Special rates and economic development offer potential electric rate consideration. Special rates are developed to encourage or court desired businesses to an area. If some of a facility’s electric accounts (or buildings) could be considered as having these characteristics, they may be candidates for special rates. “Be flexible with your interpretation,” says Audin. “For example, ‘manufacturing’ may include software production.”
Special deals also are offered for economic development. “If your firm is considering an expansion that would create more jobs,” Audin suggests applying for an economic development rate. While the rate may last only 10 years, “it is money sitting on the table.”
Applying for economic development rates can be complicated and time consuming. “Consultants and some accounting firms will — for an appropriate commission — handle all the paperwork,” Audin says.
Electricity is sold as a bundle of commodities and services. “Supply” is the raw energy and capacity from the generating plant. Supply is then “delivered” by the utility through its transmission and distribution networks.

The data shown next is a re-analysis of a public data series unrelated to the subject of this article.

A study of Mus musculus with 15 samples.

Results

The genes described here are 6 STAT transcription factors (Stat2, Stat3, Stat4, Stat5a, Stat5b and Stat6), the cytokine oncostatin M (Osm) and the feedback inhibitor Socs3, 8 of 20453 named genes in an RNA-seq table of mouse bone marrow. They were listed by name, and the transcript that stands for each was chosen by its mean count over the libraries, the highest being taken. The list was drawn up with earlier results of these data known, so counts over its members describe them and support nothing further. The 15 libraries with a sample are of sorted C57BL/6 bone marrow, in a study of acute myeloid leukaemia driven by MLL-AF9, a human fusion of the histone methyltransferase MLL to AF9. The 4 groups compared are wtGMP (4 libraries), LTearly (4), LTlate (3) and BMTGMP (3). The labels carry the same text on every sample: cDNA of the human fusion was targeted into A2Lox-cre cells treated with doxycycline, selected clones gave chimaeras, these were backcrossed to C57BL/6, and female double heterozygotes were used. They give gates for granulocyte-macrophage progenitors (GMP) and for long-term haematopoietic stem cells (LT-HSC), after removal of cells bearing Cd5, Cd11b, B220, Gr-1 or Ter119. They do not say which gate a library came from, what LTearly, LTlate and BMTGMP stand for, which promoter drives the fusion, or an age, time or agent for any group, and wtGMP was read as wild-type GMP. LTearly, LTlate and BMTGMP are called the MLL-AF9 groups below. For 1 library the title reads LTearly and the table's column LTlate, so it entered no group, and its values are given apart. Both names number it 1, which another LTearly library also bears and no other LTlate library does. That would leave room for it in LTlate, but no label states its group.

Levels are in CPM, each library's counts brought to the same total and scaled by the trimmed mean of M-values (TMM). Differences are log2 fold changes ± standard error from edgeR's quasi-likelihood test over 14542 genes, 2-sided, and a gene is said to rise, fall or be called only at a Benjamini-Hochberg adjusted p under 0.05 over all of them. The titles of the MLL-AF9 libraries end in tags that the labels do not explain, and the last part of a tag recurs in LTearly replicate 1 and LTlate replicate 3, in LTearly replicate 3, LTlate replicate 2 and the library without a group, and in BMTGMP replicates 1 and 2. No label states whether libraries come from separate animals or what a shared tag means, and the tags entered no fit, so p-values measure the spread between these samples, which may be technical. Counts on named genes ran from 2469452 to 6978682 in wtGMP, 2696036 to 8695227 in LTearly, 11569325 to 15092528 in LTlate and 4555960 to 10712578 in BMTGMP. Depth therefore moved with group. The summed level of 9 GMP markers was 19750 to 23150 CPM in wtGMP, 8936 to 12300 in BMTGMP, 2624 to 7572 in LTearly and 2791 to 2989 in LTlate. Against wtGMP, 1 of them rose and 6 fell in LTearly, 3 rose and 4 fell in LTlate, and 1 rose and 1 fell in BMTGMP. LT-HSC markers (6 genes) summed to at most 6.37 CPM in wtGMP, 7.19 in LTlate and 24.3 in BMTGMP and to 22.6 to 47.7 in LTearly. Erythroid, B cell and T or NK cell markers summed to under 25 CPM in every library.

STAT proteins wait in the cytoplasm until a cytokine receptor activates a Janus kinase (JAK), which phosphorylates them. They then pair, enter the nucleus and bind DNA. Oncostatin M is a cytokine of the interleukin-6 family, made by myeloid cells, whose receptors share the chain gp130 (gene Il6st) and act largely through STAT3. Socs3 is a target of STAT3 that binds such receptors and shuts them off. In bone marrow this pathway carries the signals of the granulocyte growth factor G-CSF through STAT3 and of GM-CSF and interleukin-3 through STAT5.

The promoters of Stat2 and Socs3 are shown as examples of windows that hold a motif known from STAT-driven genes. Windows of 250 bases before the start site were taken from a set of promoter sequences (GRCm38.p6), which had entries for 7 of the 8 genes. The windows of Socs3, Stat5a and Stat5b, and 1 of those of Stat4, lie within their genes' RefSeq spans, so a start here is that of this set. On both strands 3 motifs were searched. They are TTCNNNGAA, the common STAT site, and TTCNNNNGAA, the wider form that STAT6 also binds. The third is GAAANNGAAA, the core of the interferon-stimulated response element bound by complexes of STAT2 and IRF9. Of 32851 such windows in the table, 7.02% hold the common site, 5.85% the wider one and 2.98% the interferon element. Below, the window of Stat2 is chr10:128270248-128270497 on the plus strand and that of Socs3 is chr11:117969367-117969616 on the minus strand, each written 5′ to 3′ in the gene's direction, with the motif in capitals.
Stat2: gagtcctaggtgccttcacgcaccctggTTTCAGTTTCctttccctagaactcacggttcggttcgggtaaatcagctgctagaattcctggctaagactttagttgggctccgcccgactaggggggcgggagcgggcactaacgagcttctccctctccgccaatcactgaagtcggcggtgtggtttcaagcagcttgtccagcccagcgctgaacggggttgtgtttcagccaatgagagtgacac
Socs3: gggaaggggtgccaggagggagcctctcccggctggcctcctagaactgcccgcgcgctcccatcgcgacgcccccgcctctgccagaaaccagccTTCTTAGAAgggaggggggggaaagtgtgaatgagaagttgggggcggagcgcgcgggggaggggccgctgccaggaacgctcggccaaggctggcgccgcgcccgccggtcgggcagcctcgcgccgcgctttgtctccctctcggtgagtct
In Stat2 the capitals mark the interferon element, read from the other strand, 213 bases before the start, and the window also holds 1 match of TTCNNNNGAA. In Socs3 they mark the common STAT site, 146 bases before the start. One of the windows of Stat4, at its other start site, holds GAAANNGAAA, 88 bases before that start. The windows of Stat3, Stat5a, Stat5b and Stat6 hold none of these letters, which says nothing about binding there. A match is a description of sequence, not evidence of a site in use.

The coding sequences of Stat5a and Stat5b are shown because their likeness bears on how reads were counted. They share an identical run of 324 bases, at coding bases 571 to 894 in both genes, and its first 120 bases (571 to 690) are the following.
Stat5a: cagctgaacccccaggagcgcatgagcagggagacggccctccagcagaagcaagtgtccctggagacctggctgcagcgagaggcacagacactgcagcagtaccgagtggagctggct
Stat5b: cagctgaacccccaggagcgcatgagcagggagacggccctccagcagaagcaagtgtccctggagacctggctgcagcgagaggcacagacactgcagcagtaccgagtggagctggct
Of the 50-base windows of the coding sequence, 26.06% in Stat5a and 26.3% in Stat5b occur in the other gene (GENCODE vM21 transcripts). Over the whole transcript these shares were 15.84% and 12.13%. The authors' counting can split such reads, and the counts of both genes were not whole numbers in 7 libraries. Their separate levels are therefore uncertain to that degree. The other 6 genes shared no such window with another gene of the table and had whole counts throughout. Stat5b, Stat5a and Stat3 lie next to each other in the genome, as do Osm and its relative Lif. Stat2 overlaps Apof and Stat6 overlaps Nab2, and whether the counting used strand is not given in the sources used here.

Under deregulation, the supply part of a tariff is replaced by a contractual arrangement the facility has with its chosen power supplier. “Unlike dealing with a PUC-regulated utility, a retail supplier may allow a rate to float with the wholesale power market, or fix it for years, or some combination thereof,” explains Audin. “Where such options exist, about 80 percent of commercial and institutional customers now buy from competing power suppliers.”
State PUC websites list non-utility suppliers that are licensed to serve in their respective jurisdictions, along with contact information. Facility managers can contact these suppliers directly to request pricing information or do so more formally with a request for proposals.
Once a non-utility supplier has been selected, a power purchasing agreement is drawn up and signed. Under the agreement, the supplier uses the utility’s meter readings to calculate its supply bill.